Jean and I are having a rare dinner together at a pleasant little restaurant. We're catching up, and she suggests a topic for Point Lookout: "If Only I had Known." I jump on it, excitedly describing a time when I said something I regretted later on, after I learned some tiny but critical facts. Jean listens patiently and with interest, and then explains, "Oh. Not that kind of if-only-I-had-known."
Oops. I listen up.
She continues. "I meant, say, listening. If only I had known how important listening is — and how to do it — my life would have been so different."
Now that I understand, I agree. I overcome a powerful urge to slap my forehead. She tells me several more of her own if-only-I-had-knowns. Here are three of mine.
- Listen generously
- Listening to others is how we learn what they have in mind. People don't always communicate well or openly, but even if they don't, what they say (and don't say) holds important clues.
- Interrupting, finishing sentences, or hurrying others along, all get in the way of listening generously. If you're talking, you probably aren't listening.
- Let others have all the time and space they could possibly use. Encourage them. Let them know along the way, possibly with body language, that you understand. If you get confused, let them know that, too. This is what I did not do with Jean that night.
- Let people know what's happening
- Take responsibility for giving people the information they need about what's happening for you. Make unreasonable efforts to get your message across.
- If I'm upset with someone, or if I have important information, I'll do best if I let people know what's going on.
- Waiting for others to ask does work sometimes, but more often, people are two frazzled by the squeaking wheels in their lives to pay much attention to the wheels that don't squeak. And scoring someone with "negative points" for not listening, or for failing to ask the right question, might put you ahead in your own mental "tournament," but those points don't count for much out here in Reality.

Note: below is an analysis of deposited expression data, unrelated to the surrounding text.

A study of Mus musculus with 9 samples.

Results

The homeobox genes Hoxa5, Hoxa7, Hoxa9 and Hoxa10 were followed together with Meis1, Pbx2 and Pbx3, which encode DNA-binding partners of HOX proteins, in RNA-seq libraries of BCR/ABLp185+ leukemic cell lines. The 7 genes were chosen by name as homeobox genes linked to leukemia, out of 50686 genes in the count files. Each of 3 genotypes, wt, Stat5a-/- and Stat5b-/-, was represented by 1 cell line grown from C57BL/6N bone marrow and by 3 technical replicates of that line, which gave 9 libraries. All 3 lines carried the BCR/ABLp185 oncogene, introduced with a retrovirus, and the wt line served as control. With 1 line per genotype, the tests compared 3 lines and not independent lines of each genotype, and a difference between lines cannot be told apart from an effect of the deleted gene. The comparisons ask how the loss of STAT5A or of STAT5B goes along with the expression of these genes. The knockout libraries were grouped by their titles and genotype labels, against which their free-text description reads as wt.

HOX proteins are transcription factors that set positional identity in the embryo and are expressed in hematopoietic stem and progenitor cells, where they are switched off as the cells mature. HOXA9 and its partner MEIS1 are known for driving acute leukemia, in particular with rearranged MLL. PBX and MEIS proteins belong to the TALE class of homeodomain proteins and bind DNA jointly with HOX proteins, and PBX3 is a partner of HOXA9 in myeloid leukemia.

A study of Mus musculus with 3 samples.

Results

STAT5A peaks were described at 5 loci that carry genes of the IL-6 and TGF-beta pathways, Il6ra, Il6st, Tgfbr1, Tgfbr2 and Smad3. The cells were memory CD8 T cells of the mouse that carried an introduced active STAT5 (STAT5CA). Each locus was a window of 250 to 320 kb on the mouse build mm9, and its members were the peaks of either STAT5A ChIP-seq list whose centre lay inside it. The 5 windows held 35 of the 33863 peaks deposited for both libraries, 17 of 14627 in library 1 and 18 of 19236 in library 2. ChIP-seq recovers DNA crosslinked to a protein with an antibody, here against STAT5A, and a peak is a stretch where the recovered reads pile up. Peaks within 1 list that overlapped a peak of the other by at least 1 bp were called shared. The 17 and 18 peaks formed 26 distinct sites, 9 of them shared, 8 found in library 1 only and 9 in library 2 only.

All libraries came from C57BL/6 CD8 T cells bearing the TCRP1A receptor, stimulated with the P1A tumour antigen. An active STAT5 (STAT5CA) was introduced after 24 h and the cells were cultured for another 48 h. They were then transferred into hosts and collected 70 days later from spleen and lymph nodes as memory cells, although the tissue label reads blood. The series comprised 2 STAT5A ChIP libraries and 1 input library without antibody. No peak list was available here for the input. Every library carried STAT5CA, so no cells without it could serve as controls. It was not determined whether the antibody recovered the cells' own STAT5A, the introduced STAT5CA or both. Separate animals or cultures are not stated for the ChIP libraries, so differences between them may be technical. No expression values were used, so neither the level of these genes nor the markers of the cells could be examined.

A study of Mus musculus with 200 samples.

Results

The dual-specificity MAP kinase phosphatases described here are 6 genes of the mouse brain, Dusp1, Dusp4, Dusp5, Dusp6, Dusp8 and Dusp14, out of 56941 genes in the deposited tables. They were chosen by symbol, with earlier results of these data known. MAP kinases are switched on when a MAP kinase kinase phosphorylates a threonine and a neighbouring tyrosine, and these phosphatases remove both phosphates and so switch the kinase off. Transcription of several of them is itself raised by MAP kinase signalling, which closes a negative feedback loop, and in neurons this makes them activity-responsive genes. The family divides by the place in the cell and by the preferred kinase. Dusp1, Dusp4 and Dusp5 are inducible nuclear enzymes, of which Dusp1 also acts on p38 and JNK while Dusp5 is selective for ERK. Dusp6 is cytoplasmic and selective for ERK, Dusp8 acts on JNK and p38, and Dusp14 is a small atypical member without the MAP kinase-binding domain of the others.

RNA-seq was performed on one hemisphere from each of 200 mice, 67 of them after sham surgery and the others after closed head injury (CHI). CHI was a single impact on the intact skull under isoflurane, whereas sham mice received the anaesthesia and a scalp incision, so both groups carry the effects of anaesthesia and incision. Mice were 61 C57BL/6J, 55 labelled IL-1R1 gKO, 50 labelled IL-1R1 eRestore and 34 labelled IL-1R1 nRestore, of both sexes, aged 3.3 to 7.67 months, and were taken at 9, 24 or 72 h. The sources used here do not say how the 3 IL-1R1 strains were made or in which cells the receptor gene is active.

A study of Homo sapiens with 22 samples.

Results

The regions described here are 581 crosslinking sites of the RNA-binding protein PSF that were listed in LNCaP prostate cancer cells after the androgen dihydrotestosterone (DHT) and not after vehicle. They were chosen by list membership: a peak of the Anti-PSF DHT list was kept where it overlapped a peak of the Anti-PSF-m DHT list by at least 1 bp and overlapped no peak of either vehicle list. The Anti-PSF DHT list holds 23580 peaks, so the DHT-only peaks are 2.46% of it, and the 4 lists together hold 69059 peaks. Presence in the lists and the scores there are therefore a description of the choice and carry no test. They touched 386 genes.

- Take risks
- Learning The score you keep
inside your head
isn't worth much
out here in Realityentails doing things you've never done before. To get good at something, you have to be willing do it badly at first.
- Be easy on yourself — allow as much time as it takes to learn something new, accepting that until you learn it, you won't be very good at it. If what you're trying to do is inherently dangerous, practice first on something similar but less dangerous.
- Remember that most failures are non-fatal. If they were, I wouldn't have been here to write this, and you wouldn't be here to read it.
Are you fed up with tense, explosive meetings? Are you or a colleague the target of a bully? Destructive conflict can ruin organizations. But if we believe that all conflict is destructive, and that we can somehow eliminate conflict, or that conflict is an enemy of productivity, then we're in conflict with Conflict itself. Read 101 Tips for Managing Conflict to learn how to make peace with conflict and make it an organizational asset. Order Now!
- The Power and Hazards of Anecdotes: I
- Coming December 19: Embarrassment, Shame, and Guilt at Work: Creation
- Three feelings are often confused with each other: embarrassment, shame, and guilt. To understand how to cope with these feelings, begin by understanding what different kinds of situations we use when we create these feelings. Available here and by RSS on December 19.
- And on December 26: Embarrassment, Shame, and Guilt at Work: Coping
- Coping effectively with feelings of embarrassment, shame, or guilt is the path to recovering a sense of balance that's the foundation of clear thinking. And thinking clearly at work is important if you want to avoid feeling embarrassment, shame, or guilt. Available here and by RSS on December 26.
- Many people who possess real organizational power have a characteristic demeanor. It's the way they project their presence. I call this the power affect. Some people — call them power pretenders — adopt the power affect well before they attain significant organizational power. Unfortunately for their colleagues, and for their organizations, power pretenders can attain organizational power out of proportion to their merit or abilities. Understanding the power affect is therefore important for anyone who aims to attain power, or anyone who works with power pretenders. Read more about this program.